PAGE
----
The NY HEAT Act would save New Yorkers nearly $1,000 per year. Tell Governor Hochul to include this bill in the 2024 budget


Supporters spoke up in this action

Delivery to Governor Hochul, Speaker Heastie, and Majority Leader Stewart-Cousins

Action ended on April 19, 2024

What Happens Next

Thank you to all who took action! We’re grateful for your support.

What Was At Stake

New York’s nation-leading climate law sets in place critical mandates to achieve net-zero greenhouse gas emissions – now New York must adopt policies to meet these mandates. One crucial policy that would help meet these mandates is the NY HEAT Act. This policy would ensure that no New Yorker pays over 6 percent of their household income on energy costs, while helping the state downsize the dirty, expensive, gas system.

Right now, the Governor and Legislature are at work putting together the 2024 state budget.  Urge Governor Hochul, Assembly Speaker Heastie, and Senate Majority Leader Stewart-Cousins, to put this critical legislation in the budget!  

New Yorkers just experienced a 2023 that was marked by increasing utility bills, smoke-filled skies and dangerous air quality, unprecedented flooding that left people stranded, and record-breaking heat waves.  

Buildings are New York State’s single largest source of carbon emissions, harming both the climate and public health. In fact, building emissions across New York account for nearly 2,000 premature deaths a year, more than any other state.  

The NY HEAT Act would ensure that the transition away from fossil-fueled buildings and towards electrification is swift and affordable by preventing gas companies from raising customers’ rates to cover the cost of expanding their polluting and outdated system. These provisions together would save New York families nearly $1,000 per year, putting money back in people’s pockets to cover food, rent, savings and other basic needs as we face a cost-of-living crisis.  

To get this critical policy passed, we’ll need every voice to speak up for our right to clean energy and clean air. Join us today in telling Governor Hochul, Speaker Heastie, and Majority Leader Stewart-Cousins to ensure the NY HEAT Act is in the final 2024 budget!  

Empire State building and Manhattan skyline, New York City, USA (Matteo Colombo / Getty Images)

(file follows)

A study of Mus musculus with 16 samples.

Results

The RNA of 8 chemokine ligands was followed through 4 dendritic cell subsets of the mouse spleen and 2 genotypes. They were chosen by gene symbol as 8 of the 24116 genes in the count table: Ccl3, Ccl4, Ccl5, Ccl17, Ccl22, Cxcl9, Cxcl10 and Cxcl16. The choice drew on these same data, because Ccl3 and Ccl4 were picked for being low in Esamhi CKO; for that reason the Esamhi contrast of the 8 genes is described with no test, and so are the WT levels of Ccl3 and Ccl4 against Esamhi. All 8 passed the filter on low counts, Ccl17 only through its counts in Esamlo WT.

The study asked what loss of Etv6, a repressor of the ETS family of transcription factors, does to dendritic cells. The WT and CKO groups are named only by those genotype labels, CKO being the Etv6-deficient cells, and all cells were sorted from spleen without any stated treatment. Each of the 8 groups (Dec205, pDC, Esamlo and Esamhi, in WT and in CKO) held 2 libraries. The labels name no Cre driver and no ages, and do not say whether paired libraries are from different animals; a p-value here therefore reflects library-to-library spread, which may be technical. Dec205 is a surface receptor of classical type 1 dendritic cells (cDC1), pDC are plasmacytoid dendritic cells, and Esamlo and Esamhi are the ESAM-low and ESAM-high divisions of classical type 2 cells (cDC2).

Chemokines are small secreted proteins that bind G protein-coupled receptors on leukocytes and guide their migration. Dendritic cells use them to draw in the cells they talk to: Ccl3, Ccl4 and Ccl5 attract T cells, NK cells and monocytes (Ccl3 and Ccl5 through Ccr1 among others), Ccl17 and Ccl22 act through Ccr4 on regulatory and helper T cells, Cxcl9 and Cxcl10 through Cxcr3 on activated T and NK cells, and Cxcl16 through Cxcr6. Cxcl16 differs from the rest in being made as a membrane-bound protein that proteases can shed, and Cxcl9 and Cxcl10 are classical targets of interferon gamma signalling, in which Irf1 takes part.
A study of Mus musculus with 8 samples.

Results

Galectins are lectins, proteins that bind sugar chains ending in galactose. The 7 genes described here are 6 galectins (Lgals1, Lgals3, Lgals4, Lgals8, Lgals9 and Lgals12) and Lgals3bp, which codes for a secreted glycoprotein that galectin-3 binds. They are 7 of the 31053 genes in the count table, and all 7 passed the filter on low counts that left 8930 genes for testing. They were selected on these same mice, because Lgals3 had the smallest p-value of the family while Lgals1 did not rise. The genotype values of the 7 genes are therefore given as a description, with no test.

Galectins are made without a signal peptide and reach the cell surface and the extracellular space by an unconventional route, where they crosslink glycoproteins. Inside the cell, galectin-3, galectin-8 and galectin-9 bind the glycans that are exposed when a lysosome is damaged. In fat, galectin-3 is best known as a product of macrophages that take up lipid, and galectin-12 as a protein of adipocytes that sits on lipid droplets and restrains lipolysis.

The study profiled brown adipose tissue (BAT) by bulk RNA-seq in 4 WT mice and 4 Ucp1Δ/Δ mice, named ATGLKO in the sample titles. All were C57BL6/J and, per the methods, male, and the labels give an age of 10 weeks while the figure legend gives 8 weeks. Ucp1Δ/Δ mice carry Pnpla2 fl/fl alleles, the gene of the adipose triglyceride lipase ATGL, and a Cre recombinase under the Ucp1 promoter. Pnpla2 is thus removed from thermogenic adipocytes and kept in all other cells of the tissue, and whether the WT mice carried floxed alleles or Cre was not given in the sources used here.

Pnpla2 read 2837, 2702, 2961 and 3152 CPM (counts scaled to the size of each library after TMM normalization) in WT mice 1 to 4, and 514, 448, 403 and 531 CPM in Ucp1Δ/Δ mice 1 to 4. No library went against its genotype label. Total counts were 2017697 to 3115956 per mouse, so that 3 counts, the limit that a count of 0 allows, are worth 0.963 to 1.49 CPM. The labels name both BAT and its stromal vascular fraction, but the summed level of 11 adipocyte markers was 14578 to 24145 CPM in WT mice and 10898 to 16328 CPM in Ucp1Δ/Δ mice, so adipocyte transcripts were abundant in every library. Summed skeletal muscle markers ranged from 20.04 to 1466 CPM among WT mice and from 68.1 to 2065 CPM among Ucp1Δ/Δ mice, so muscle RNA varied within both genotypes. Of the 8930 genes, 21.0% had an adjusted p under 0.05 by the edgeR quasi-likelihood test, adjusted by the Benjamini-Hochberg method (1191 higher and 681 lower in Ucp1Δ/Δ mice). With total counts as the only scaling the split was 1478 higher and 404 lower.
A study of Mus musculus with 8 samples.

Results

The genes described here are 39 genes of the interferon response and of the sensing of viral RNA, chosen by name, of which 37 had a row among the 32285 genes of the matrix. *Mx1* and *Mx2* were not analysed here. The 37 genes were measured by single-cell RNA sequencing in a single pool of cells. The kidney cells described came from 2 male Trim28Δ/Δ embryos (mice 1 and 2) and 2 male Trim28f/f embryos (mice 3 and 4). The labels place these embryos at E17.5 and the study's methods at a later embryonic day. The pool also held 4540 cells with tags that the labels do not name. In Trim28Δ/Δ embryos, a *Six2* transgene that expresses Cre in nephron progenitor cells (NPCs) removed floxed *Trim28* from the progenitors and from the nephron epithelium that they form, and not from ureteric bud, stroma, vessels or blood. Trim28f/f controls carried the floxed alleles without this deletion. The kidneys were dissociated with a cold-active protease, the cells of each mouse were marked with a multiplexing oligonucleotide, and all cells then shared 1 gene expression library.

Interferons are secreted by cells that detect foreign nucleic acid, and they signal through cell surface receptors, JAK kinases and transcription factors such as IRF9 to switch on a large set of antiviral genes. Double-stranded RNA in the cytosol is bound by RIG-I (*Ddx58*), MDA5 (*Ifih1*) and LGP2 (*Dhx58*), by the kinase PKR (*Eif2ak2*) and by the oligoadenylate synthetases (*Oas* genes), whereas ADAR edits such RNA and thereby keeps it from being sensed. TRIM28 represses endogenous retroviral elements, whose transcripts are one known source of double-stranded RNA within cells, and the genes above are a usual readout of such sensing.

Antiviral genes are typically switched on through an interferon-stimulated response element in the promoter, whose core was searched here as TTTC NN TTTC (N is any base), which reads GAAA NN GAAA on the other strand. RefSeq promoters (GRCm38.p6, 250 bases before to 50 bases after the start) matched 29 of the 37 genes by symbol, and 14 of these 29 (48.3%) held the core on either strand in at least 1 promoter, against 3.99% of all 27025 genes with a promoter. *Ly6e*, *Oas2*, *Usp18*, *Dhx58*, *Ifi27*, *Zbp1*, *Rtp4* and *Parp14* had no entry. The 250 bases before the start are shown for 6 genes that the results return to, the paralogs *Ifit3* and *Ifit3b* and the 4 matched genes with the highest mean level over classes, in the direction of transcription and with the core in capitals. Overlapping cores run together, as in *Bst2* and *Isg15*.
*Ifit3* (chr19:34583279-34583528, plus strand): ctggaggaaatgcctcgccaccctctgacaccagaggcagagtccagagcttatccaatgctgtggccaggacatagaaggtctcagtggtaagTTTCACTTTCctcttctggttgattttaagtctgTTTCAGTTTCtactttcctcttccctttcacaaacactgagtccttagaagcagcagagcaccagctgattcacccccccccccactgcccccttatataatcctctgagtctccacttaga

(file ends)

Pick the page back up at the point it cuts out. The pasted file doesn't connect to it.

Empire State Building and Manhattan skyline, New York City. (Matteo Colombo / Getty Images)

Your Actions Matter




We need you to join us — your specific experiences, knowledge, and voice are crucial to add to the Administrative Record through the comment periods.

Lawsuits we file that challenge weak or harmful federal regulations rely on what was submitted during the comment period. The court can only look at documents that are in the Administrative Record — including the public comments — to decide if the agency did something improper.


Federal agencies must pause what they’re doing and ask for — and consider — your comment. Read more.

Many of us may have never heard of the National Environmental Policy Act (NEPA) and the Administrative Procedure Act (APA), but laws like these require our government to ask the public to weigh in before agencies adopt or change regulations.

Regulations essentially describe how federal agencies will carry out laws — including decisions that could undermine science, or weaken safeguards on public health.

Public comments are collected at various points throughout the federal government’s rulemaking process, including when a regulation is proposed and finalized. (Learn about the rulemaking process.) These comments become part of the official, legal public record — the “Administrative Record.”

When the public responds with a huge outpouring of support for environmental protections, these individual messages collectively undercut politicians' attempts to claim otherwise.

What this means is each of us can take a role in shaping the rules our government creates — and ensuring those rules are fair and effective.